Novavax established itself as the leader in the race to market a vaccine for respiratory syncytial virus (RSV) with positive results from a phase II efficacy trial in older patients.
The finding that the RSV F vaccine reduced the incidence of an infection that causes hundreds of thousands of hospitalisations a year should make the project a strong candidate for partnering. Validation of the finding – whether use of the vaccine in pregnant women will confer protection for their babies – will be closely watched when a second phase II trial reads out in coming weeks.
Big market, few options
Novavax shares rose 30% to $14.50 in early trading today on the news announced post-market yesterday. With a big pharma competitor in the form of GlaxoSmithKline’s GSK3003891A not expected to wrap up phase II trials until the end of 2015 – and then only with immunogenicity data available – Novavax’s advantage is clear.
The trial in 1,600 adults aged 60 and over showed a statistically significant reduction in incidence of symptomatic RSV disease of 44%, and RSV disease with symptoms of lower respiratory tract infection of 46%, versus placebo.
RSV is a common respiratory disease, as nearly every person is infected with it before the age of two. However, severe cases put a burden on the healthcare system, with the US Centers for Disease Control and Prevention reporting 177,000 hospitalisations and 14,000 deaths among adults 65 and older, in addition to 58,000 hospitalisations and 2.1 million outpatient visits among children under five.
This profile should make RSV F a strong candidate for a preventive vaccine, especially as existing interventions have been disappointing. Valeant’s Virazole, an inhaled ribavirin, has limited data supporting it in symptomatic disease and requires extensive equipment monitoring and maintenance when used with patients on ventilators; experts believe it has little effect on the course of disease (Therapeutic Focus - Hopes on the horizon for respiratory syncytial virus, August 7, 2012).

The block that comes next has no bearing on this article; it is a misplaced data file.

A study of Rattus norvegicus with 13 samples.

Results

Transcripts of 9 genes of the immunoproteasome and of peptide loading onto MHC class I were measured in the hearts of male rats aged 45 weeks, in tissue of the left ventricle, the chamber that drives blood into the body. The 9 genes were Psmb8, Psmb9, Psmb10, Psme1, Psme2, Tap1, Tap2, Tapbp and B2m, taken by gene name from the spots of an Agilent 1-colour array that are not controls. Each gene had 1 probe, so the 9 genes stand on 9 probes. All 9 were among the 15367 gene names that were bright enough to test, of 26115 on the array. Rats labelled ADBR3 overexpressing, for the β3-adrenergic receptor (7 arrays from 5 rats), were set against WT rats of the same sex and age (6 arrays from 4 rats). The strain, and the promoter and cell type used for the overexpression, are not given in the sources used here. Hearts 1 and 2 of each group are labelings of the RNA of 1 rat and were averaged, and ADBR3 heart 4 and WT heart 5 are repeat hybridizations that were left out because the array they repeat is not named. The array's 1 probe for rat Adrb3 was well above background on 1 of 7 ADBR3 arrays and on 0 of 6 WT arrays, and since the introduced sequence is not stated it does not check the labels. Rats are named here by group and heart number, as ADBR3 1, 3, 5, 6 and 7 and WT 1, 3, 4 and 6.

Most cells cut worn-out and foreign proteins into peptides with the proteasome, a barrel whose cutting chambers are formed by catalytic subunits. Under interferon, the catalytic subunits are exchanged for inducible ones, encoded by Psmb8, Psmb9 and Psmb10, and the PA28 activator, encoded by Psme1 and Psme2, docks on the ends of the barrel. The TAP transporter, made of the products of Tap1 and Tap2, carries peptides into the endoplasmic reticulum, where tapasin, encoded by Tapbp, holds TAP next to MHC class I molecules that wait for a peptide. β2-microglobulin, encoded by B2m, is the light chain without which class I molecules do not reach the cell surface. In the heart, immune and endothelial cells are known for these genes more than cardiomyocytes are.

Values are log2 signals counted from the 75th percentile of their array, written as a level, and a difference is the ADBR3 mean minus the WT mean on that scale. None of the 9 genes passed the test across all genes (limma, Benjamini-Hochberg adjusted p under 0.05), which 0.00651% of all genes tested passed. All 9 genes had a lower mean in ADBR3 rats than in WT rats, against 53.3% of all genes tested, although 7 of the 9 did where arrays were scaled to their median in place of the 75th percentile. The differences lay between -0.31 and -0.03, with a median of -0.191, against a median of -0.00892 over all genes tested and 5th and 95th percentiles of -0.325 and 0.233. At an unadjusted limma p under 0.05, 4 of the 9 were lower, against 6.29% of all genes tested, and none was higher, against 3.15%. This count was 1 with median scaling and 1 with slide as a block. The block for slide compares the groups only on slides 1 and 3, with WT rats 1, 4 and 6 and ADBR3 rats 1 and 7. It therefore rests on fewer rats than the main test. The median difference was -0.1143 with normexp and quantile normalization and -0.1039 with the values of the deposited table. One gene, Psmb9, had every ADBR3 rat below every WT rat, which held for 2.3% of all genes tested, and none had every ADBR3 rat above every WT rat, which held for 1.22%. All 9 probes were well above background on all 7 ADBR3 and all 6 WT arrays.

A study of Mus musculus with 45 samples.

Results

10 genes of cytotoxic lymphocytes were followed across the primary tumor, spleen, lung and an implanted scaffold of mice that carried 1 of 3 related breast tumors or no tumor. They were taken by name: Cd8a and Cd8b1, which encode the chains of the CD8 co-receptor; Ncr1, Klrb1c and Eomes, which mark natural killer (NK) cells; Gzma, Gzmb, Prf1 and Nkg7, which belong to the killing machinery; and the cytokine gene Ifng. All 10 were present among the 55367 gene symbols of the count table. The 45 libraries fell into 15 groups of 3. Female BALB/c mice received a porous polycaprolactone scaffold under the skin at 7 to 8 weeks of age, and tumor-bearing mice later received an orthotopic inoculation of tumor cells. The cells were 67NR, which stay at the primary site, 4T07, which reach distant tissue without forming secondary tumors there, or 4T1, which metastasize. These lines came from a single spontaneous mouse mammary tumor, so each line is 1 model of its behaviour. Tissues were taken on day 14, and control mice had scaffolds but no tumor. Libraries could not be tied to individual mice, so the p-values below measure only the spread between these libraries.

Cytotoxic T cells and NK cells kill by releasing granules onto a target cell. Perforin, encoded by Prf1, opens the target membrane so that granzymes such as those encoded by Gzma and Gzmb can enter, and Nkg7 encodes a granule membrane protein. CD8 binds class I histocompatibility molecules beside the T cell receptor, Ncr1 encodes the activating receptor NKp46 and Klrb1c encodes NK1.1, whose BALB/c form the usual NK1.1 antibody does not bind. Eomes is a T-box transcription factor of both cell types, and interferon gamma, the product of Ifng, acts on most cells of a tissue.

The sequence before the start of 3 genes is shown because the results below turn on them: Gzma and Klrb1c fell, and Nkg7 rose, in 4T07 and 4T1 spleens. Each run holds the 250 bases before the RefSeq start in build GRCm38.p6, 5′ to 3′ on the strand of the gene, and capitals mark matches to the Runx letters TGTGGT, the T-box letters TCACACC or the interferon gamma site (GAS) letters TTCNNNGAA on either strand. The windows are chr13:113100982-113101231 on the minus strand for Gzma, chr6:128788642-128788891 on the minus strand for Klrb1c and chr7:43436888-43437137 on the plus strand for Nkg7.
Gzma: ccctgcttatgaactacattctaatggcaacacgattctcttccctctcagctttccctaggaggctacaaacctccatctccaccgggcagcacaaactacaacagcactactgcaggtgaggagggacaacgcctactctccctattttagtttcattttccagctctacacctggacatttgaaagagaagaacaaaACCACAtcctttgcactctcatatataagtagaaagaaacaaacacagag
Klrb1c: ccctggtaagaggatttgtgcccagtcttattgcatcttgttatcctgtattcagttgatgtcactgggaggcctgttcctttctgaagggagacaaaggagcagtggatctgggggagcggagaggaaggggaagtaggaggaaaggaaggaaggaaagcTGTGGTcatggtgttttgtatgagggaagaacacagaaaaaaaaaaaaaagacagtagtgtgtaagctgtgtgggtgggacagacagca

On the preventive side, Astra’s antibody Synagis has been on the US market since 1998, but because of its $8,000-a-year cost and five-dose treatment course it is used only in high-risk paediatric patients.
On to phase III
Novavax said it is preparing to advance into phase III at the end of the year. With $315m in cash at June 30 in marketable securities it probably has sufficient funding to see the trial through to its conclusion; it believes that 8,000 patients or more could be necessary. This makes Novavax not necessarily in any hurry to deal, but it looks like an option with both regulatory and commercial advantages for any big pharma partner or buyer.
The vaccine has an FDA fast-track designation and, if maternal and paediatric data are as promising as the trial that reported yesterday, it has the potential to be used in a broad population. On the other hand vaccines tend to be a lower-margin business, so only companies with an established trade might be interested in Novavax’s offering; the top vaccines company, Glaxo, already has its own candidate, but Sanofi or Pfizer might be interested.
It is also worth noting that Pfizer’s pneumococcal vaccine Prevnar 13 is forecast to become the sixth-biggest selling drug in the world in 2020, so it is not as if there is little commercial potential for a respiratory disease vaccine.
No doubt this potential will become clearer as more data emerge.